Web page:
The state attorney general in Arkansas has given the preliminary green light to a ballot initiative that would legalize medical marijuana.
Attorney General Dustin McDaniel certified the language of the ballot proposal for the 2014 election, which would allow patients in need to obtain their marijuana medication legally. The proposal, titled the Arkansas Medical Cannabis Act, was submitted by Arkansans for Compassionate Care.
This was the group’s second submission. The first was rejected after McDaniel claimed the ballot language was unclear about the definition of marijuana.
Indeed, McDaniel has rejected at least half a dozen medical marijuana proposals for next year’s ballot, usually on the grounds of ambiguity. In some cases he appeared to be playing lawmaker, rejecting one proposal, then accepting it on a second try after a home-grow provision was removed.
That initiative, also called the Arkansas Medical Marijuana Act and submitted by Arkansans for Responsible Medicine, is the only other proposal approved by McDaniel. He reversed his apparent home-grow position, however, when he approved the Arkansans for Compassionate Care initiative – a proposal that allows patients to grow weed at home.
Supporters of both initiatives are now cleared to collect the signatures needed to put them on the ballot. That amounts to slightly less than 80,000 signatures.
Voters in Arkansas, a deeply conservative state, defeated medical marijuana in 2012 by just 30,000 votes, giving supporters strong reason to believe they can succeed if they try again.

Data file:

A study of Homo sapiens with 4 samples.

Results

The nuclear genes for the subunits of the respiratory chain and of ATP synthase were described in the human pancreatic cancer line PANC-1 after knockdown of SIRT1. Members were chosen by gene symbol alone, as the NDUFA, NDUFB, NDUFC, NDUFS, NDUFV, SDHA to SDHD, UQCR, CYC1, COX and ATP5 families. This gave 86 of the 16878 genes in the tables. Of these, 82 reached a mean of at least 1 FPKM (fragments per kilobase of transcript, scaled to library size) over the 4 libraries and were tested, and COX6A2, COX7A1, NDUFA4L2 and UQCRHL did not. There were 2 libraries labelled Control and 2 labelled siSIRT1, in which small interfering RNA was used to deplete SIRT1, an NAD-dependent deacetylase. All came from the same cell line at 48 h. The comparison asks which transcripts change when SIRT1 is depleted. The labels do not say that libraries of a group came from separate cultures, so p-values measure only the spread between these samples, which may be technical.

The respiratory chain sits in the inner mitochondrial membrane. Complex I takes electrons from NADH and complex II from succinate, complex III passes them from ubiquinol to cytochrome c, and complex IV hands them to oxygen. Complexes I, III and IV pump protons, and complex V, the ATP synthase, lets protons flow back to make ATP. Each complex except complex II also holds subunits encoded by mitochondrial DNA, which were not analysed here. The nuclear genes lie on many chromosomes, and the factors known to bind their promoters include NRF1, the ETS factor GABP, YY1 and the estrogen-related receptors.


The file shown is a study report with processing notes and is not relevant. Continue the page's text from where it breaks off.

And medical marijuana advocates aren’t alone. A movement for full legalization is also underway, though the odds on success there are much longer. Arkansans for Medical Cannabis is trying to get language on the ballot to make recreational weed legal.
That proposal has been repeatedly rejected by McDaniel, however, and it’s unclear whether it will ultimately come before voters in 2014. It’s possible they will be confronted with multiple pot questions.
Simple marijuana possession in Arkansas is a misdemeanor. Getting caught with less than 4 ounces is punishable by as much as one year in jail and a maximum $2,500 fine on a first offense. On a second offense, possession of any amount greater than an ounce is treated as a felony.
Currently, 20 states plus the District of Columbia allow medical cannabis. Two states, Washington and Colorado, have fully legalized recreational pot.
Given the close nature of last year’s ballot initiative, supporters think they have a good chance of legalizing medical marijuana in Arkansas – though full legalization may be further off.